Here’s an interesting interview by the New York Post with Richard Belzer of Law & Order SVU. He gives a lot of interesting information about what makes “The Belz” tick.
Q&A WITH RICHARD BELZER
THE UNCONVENTIONAL ACTOR/COMIC/WRITER (PHEW) TALKS DOGS, ANCIENT HISTORY AND BEING TOO FUNNY FOR THE ARMY
By LARRY GETLEN
January 4, 2009
Richard Belzer is best known for playing detective John Munch on "Law and Order: SVU" (and on any other series that'll have him - he's played Munch on more shows than any actor has played the same character in TV history). But his start in show biz was on the stage. Belzer is known for his unconventional attitudes - he proudly embraces the term "conspiracy theorist" - and this has made him one of the top comedians throughout the '70s. Last year, Belzer brought his comic sensibility to publishing with "I Am Not A Cop!" a book that featured an actor named Richard Belzer who plays a TV detective named John Munch. But for those who'd like to see that sensibility in its original habitat, Belzer appears with Richard Lewis at Town Hall on January 17.
You've played Detective John Munch on 10 separate tV shows. At this point, do shows want Munch on just because of the record?
I think it's more flattering than that. People are so enamored of the character that when they see in a script, "detective," they think, let's bring Belzer in. They did that on "The X-Files," on "Arrested Development," on "Sesame Street." It's been so much fun.
You recently released a novel with yourself as the main character. Why did you take that approach?
I've always been fascinated by the confluence of celebrity and reality, and I'm a big fan of film noir. I wanted to combine all those elements into a kind of 21st-century, noir-mystery comedy. The idea that I'm an actor who plays a detective on TV who gets caught up in a real crime appealed to me because it gives me fictional license, but I can use a lot of reality. It's kind of a reality novel.
You started your movie career in the cult classic "The Groove Tube," from the early '70s , which was druggie and raw. Can you imagine a movie like that succeeding today?
No. We laid out the joke in a very prosaic way because we were kind of the first people to do satire of movies and television at that level.
The "Weekend Update" format for "SNL" and the "Goodnight, and have a pleasant tomorrow" tag line came out of "The Groove Tube," didn't they?
Yes. One of Lorne Michaels' direct influences in creating "Saturday Night Live," by his own admission, was "The Groove Tube."
It's hard to imagine, but you were in the Army. How did you get along there?
I was discharged - under honorable conditions - for being non-adaptable to military service. I was deemed too funny to carry a gun. I was in for seven months, went through basic training, got a top secret clearance to become a radio intercept operator, went AWOL once. I was too funny for words and was asked to leave. I didn't want to kill anybody. Call me crazy.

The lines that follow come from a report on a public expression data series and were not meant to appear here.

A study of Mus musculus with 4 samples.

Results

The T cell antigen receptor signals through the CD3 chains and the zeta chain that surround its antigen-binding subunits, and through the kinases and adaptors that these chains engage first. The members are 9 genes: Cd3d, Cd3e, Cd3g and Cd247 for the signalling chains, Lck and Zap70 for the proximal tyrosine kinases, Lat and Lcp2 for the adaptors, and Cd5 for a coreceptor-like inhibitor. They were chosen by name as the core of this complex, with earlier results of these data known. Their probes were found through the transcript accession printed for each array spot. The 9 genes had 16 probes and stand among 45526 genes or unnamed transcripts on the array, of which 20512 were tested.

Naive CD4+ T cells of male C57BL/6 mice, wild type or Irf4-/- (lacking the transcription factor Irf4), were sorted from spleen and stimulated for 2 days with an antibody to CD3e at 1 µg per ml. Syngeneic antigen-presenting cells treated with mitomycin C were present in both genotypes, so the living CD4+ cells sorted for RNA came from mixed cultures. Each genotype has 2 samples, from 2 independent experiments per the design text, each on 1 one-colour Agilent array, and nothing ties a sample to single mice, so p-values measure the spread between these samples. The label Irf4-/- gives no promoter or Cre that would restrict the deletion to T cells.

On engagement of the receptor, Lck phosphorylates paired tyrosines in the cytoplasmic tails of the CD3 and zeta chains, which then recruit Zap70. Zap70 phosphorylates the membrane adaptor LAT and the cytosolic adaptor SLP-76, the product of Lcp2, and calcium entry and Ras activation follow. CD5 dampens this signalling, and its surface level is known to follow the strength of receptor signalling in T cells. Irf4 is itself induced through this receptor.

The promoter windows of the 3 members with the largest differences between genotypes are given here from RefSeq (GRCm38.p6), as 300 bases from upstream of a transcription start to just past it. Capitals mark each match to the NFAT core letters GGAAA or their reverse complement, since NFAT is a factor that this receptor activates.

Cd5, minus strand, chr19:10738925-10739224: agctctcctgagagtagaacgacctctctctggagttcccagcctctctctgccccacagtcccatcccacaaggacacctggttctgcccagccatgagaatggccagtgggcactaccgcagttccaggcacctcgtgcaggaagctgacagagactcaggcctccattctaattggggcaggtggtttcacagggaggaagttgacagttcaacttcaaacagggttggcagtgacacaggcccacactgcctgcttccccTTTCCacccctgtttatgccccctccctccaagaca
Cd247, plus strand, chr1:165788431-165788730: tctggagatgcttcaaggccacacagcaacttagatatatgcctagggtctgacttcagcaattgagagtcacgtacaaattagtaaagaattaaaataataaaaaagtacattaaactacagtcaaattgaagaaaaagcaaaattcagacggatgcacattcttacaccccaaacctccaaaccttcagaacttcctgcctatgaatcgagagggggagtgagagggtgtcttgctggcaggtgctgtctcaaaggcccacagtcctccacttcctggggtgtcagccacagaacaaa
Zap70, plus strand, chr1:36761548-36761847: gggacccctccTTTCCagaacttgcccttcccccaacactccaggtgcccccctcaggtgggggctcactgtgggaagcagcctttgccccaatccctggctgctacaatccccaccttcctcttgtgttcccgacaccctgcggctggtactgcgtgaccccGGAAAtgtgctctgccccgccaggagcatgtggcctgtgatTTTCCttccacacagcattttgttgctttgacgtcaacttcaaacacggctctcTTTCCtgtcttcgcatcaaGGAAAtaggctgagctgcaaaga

HOw did having testicular cancer change your life?
There are a lot of cliches about near-death experiences, how they make you appreciate life more. I think they're much exaggerated. It was very sobering and you do learn to value things you hadn't before, but life is so complex. You still have to earn everything. I wouldn't recommend having cancer for the wisdom.
* "[Bob] Cousy was one of the early players to dribble behind his back and do behind-the-back passes. He was a legendary ball player in the '50s and early sixties that I tried to copy."
* "I take photos. I shoot a lot of landscapes and flowers, people and animals. I'm getting ready to publish a book of my photographs. I'm using Panasonic Lumix with a Leica lens. It's a small digital camera that takes incredible pictures, and it's become an opiate for me. It gives me hours of unending joy."
* "If you Google my name and 'Bebe,' there's thousands of entries of my dog on red carpets. The photographers will say, 'Bebe, over here!' They don't care about me anymore."
* "I have a house in Bozouls, in the southwest of France. It's a little farming village. [My wife and I]have a beautiful 500-year-old stone mill house on a waterfall. The day-to-day lifestyle of French country living is totally antithetical to anything I do in America."
* "I'm a big, big fan of black and white film noir. Films like 'Out of the Past' and 'Murder, My Sweet.' The idea that the films of the '30s and '40s were coming out of the Depression and World War II, I'm fascinated by the psychology of what purpose they filled. Some of them were light and frothy, some were anti-prison-abuse films, and Hollywood was really raw and evolving."
* "I'm a bag [I think they meant big] fan of Roman history, particularly the period prior to and after Julius Caesar's reign. On some level they were so incredibly advanced and yet barbaric at the same time. Things haven't changed much."